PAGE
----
New York Times

WASHINTON-Nearly half the members of a special White House committee on the illnesses of gulf war veterans say they will urge that the panel reverse itself and conclude that Iraqi chemical weapons may be an important factor in the veterans' health problem.

Their views suggest a dramatic turnaround in the final report by the panel, whch said in an interium report to President Clinton in January that chemical weapons were "unlikely" to be the cause of the illnesses reported by thousands of veterans of the Persian Gulf War. The committee instead singled out wartime stress as a likely cause of the ailments.

In interviews, five of the 11 members of the panel, the Presidential Advisory Committee on Gulf War Veterans' Illnesses, said they were impressed by new evidence showing that clouds of gases from chemical weapons might have traveled much farther across the battlefield than previously reported by the Defense Department.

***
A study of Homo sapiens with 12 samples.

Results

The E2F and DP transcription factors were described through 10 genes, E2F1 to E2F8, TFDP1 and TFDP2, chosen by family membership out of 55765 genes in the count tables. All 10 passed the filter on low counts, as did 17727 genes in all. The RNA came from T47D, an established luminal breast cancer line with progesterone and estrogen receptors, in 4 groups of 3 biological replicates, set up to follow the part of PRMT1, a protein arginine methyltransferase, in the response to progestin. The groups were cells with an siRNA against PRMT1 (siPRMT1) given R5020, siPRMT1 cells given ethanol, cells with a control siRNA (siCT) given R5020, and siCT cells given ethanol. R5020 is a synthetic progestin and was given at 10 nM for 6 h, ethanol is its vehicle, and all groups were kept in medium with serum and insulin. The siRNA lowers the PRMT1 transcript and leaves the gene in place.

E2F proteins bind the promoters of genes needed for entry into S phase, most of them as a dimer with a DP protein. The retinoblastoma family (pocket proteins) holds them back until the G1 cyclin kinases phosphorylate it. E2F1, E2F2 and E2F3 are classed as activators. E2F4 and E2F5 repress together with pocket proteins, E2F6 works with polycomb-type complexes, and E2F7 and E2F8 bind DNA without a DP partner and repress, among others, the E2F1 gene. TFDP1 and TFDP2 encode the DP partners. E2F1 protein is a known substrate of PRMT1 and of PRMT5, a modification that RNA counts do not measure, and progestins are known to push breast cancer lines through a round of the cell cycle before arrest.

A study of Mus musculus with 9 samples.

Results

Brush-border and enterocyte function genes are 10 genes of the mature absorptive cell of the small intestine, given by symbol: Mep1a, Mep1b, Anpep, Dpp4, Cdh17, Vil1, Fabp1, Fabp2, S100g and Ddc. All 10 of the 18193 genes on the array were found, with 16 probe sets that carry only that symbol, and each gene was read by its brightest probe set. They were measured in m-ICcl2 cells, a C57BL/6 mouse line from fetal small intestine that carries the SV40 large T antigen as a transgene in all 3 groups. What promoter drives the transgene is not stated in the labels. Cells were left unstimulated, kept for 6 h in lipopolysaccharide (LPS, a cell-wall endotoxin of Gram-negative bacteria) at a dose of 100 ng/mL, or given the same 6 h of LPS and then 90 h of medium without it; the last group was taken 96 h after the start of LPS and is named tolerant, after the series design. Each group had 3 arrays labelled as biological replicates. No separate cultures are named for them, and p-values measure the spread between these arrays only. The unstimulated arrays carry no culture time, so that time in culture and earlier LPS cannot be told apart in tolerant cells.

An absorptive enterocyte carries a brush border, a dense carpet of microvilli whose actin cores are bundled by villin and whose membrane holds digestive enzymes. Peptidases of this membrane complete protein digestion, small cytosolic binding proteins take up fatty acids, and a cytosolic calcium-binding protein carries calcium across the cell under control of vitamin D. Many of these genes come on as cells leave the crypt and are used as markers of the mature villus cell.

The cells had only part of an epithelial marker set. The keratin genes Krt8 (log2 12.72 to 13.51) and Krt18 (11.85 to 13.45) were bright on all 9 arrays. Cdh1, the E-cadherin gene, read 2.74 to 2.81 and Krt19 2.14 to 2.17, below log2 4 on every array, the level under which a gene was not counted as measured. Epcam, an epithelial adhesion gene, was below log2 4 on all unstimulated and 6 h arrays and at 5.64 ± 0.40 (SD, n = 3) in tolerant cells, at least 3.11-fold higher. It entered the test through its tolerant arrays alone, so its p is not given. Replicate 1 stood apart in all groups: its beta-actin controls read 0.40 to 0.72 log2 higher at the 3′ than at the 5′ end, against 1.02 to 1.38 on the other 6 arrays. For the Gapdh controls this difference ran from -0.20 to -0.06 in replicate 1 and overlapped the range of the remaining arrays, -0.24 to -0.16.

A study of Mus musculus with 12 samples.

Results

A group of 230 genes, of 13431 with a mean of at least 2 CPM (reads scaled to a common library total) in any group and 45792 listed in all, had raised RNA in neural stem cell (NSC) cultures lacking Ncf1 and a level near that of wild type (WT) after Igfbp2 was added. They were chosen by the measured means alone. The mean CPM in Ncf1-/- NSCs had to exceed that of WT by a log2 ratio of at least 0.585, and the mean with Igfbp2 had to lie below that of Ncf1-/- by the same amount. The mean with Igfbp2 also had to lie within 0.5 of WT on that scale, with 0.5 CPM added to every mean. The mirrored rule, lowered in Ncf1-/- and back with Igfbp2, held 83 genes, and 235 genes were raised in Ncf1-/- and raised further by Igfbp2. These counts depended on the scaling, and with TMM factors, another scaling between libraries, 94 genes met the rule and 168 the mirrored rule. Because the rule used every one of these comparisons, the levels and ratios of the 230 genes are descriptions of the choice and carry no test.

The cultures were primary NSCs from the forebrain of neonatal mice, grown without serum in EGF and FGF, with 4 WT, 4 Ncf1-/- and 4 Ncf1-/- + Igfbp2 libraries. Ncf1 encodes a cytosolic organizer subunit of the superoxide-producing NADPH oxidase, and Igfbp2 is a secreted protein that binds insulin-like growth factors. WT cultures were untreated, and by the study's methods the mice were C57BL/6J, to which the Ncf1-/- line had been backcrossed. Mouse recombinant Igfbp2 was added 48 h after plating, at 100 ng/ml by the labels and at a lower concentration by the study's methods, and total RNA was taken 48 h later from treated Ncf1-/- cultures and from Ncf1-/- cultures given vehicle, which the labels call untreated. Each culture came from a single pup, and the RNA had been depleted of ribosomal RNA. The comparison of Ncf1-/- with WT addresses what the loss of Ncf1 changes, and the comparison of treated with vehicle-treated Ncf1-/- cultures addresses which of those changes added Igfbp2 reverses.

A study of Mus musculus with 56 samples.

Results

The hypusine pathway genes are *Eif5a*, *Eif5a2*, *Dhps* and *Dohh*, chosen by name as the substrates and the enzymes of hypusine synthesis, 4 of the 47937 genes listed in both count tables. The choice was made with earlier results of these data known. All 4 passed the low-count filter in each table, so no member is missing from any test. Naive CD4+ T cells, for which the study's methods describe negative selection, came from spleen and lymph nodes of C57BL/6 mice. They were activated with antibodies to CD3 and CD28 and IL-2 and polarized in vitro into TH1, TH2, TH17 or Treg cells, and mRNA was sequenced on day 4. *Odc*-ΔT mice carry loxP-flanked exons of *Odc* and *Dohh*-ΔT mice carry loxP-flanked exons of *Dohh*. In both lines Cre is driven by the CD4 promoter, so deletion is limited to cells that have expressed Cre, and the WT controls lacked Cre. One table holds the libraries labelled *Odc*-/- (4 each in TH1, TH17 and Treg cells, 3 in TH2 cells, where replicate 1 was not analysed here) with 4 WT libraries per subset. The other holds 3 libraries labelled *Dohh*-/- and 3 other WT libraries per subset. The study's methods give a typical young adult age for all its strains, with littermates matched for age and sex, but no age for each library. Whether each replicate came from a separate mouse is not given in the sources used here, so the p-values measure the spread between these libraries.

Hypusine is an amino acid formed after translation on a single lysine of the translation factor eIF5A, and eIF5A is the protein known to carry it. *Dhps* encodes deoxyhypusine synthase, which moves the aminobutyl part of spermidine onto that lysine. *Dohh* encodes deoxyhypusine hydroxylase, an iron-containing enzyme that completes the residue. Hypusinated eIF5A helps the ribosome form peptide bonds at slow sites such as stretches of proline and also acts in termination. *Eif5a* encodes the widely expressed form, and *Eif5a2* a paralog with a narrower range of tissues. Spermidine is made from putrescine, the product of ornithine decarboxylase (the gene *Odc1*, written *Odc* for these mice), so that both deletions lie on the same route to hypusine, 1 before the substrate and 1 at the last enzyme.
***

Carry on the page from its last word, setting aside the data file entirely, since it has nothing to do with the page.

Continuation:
A Pentagon report isssued last month estimated that nerve gas wafted over as many as 98,000 troops-one of every seven Americans who served in the region-from the demolition of the Kamisiyah ammunition depot in southern Iraq in March 1991, shortly after the war. Some of the panel members said they also were intriged by studies, published last January in The Journal of the American medical Association, in which University of Texas researchers said the illness of gulf war veterans appeared to be the result of exposure to a combination of chemicals, including nerve gas.

The six other members of the White House panel either did not return calls or referred the calls to the committee. At least some of these members are expected to stand behind the earlier conclusion that chemical weapons are unlikely to be the cause of illnesses among the veterans.